Thousands of police and soldiers were deployed Monday across the Egyptian capital ahead of planned demonstrations against the government's transfer of two Red Sea islands to Saudi Arabia, a thorny issue which has already sparked the largest protests since President Abdel-Fattah el-Sissi assumed power nearly two years ago.
Following the arrest of dozens of activists and journalists in recent days, riot police backed by armored vehicles on Monday took up positions in Cairo's Tahrir Square, the epicenter of Egypt's 2011 uprising, They also deployed on the ring road, downtown and at a square where hundreds of Islamist protesters were killed when security forces broke up their sit-in in August 2013.
Many of the protest organizers' gathering points were sealed off by police, including the doctors' and journalists' unions in central Cairo. Pedestrians near the Press Syndicate were stopped by police, who asked for IDs and about their destination before turning many of them away. Minivans loaded with plainclothes policemen were also deployed in the likely flashpoints.
In the poor district of Nahya, in Cairo's twin city of Giza, the sheer number of deployed policemen and fear of arrest prevented protesters from even gathering — forcing them to trickle out of the area in small groups in the hope of assembling elsewhere, according to protesters speaking to an Associated Press reporter in the area. The protesters spoke on condition of anonymity for fear of reprisals.
The military said in a video released late Sunday that troops were deployed to protect "vital and important installations" and deal with anyone who tries to "harm the people's interests or attempt to ruin their happiness" on Sinai Liberation Day, a national holiday marking the completion of Israel's withdrawal from the peninsula in 1982.
Egyptian warplanes roared over Cairo to mark Monday's anniversary, but the military kept a low profile on the ground except for areas near military headquarters and the presidential palace. The Interior Ministry said police were out in force to protect "peaceful" citizens who wish to celebrate. Several dozen people waving Egyptian flags celebrated with music and dancing in the upscale district of Mohandiseen.
El-Sissi on Sunday urged citizens to defend the state and its institutions from the "forces of evil," an apparent reference to the planned protests.
Monday's planned demonstrations would be the second wave of protests this month against the decision to give up control of the islands at the mouth of the Gulf of Aqaba. On April 15, about 2,000 people protested in downtown Cairo over the islands.
That protest was the largest against el-Sissi since he assumed office in 2014, nearly a year after leading the military ouster of the Islamist Mohammed Morsi, Egypt's first freely elected leader. Chants of "leave," and "the people want to bring down the regime" rang out in the downtown area on that day, harkening back to the 2011 uprising that forced autocrat Hosni Mubarak to step down after nearly 30 years in power.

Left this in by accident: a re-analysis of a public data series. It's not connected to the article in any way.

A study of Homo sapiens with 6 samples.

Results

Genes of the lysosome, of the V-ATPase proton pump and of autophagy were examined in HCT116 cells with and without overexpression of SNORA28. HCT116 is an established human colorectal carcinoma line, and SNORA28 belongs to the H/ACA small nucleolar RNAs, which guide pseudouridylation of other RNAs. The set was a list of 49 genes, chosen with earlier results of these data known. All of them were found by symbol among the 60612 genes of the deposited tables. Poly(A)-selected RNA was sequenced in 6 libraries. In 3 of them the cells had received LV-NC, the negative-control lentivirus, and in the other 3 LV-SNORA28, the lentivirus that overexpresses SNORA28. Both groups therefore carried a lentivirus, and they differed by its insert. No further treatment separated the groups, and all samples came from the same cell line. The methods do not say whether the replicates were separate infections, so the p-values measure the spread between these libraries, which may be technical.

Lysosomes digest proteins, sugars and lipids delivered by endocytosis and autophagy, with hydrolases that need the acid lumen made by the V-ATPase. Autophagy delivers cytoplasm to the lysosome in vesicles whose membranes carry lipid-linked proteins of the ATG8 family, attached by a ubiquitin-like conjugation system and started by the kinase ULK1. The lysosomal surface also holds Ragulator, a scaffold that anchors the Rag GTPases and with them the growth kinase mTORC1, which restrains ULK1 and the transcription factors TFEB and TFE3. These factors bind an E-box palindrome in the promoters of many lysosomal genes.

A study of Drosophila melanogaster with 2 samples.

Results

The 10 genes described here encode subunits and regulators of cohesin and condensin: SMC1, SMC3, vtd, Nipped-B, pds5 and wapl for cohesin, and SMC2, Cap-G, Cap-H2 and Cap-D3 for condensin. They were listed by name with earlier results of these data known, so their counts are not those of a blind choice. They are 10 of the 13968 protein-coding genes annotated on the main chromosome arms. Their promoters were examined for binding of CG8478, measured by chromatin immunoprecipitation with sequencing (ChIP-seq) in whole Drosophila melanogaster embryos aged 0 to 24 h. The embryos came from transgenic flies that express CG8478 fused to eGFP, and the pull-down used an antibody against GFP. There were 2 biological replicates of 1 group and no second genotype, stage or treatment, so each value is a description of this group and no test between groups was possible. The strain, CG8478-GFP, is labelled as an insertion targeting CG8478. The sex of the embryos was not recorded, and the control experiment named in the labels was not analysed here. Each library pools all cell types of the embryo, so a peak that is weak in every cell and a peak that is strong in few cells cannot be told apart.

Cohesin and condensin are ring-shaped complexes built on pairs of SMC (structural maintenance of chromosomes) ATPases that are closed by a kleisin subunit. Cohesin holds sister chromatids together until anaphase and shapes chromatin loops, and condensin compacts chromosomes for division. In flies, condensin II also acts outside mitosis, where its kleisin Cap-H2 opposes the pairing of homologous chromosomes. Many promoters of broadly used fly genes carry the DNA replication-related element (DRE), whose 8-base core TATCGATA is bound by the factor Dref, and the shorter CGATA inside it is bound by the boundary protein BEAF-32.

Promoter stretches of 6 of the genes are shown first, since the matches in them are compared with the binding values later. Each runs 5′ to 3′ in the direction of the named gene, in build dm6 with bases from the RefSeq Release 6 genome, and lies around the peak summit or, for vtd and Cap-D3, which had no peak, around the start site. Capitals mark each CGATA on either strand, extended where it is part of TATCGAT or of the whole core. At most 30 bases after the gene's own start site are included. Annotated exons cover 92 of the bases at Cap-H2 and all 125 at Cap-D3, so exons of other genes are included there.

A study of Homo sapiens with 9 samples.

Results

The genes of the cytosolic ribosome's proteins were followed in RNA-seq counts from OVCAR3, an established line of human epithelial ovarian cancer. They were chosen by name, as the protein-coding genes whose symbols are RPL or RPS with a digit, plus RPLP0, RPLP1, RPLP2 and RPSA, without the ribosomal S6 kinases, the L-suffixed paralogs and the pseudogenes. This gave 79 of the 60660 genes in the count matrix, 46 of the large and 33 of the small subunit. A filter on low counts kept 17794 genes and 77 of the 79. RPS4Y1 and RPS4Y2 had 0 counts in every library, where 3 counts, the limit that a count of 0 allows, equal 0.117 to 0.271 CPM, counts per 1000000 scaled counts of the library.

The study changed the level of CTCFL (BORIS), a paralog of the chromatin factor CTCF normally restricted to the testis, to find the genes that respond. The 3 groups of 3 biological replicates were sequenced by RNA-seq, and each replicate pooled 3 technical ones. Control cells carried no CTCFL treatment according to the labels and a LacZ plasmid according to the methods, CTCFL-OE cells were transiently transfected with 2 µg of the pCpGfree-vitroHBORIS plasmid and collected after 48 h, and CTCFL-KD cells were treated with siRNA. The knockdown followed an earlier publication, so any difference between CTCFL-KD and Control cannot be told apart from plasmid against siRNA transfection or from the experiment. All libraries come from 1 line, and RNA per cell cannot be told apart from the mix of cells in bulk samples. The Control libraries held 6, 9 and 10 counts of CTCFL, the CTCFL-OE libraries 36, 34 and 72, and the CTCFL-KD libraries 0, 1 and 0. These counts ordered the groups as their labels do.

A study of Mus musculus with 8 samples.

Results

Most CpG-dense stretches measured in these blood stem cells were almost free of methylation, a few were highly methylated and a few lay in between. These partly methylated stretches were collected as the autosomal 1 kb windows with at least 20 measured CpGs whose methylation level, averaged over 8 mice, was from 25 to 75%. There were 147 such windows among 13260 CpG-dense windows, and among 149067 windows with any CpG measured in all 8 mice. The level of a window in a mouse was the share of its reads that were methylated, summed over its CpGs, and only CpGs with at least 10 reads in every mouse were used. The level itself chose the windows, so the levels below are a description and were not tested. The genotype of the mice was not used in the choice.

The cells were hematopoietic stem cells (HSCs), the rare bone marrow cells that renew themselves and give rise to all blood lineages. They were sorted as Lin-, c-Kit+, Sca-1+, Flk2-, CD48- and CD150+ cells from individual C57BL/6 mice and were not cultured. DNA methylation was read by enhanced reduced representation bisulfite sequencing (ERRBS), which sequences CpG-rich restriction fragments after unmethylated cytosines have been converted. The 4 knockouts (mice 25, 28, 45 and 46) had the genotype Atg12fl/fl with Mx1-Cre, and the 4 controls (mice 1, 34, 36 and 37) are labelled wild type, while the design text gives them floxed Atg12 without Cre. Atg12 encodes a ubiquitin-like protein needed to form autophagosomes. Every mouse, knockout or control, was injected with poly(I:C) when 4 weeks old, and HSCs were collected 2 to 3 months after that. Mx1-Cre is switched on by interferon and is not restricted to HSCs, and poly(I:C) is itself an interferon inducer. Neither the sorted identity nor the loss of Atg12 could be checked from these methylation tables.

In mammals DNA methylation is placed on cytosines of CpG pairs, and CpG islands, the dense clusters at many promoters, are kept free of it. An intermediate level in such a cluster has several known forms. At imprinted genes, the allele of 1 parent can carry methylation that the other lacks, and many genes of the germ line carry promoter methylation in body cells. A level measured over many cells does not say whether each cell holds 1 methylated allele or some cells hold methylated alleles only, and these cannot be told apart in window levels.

As was the case for the April 15 demonstrations, the Muslim Brotherhood, the Islamist group from which Morsi hails, has called on its supporters to take part in Monday's demonstrations. The group has been banned and is declared a terror group by authorities and the participation of its followers on Monday will increase the potential for violence.
Authorities have detained dozens of activists in recent days, with the arrests continuing until just hours before the planned demonstrations. Freedom for the Brave, an activist group, says nearly 100 people have been arrested since last week. On Monday, at least three journalists were arrested downtown, according to Khaled el-Balshy, a member of the Press Syndicate's board. Two of the three journalists were released several hours later.
Egypt says the islands of Tiran and Sanafir, off the southern coast of the Sinai Peninsula, belong to Saudi Arabia, which placed them under Cairo's protection in 1950 because it feared Israel might attack them.
The announcement came during a visit to Egypt this month by the Saudi monarch, King Salman, as the kingdom announced a multi-billion-dollar package of aid and investment to Egypt, fueling charges that the islands were sold off.
"Egypt needs the truth revealed to its people: Through dialogue, not suppression, with documents, evidence and maps, not security raids and random detentions," prominent columnist Abdullah el-Sinnawy wrote in Monday's edition of the Al-Shorouk daily.
"It's difficult to resolve a crisis like this one through the fist of security, no matter how tough it is."
El-Sissi insists that Egypt has not surrendered an "inch" of its territory and has demanded that people stop talking about the issue.
But the Egyptian leader has also faced mounting criticism about other matters, including the ailing economy and the abduction, torture and killing of an Italian graduate student in Cairo earlier this year. That incident has poisoned relations with Italy, one of el-Sissi's staunchest EU supporters and Egypt's biggest European trade partner.
Egyptian authorities have denied any involvement in the student's killing.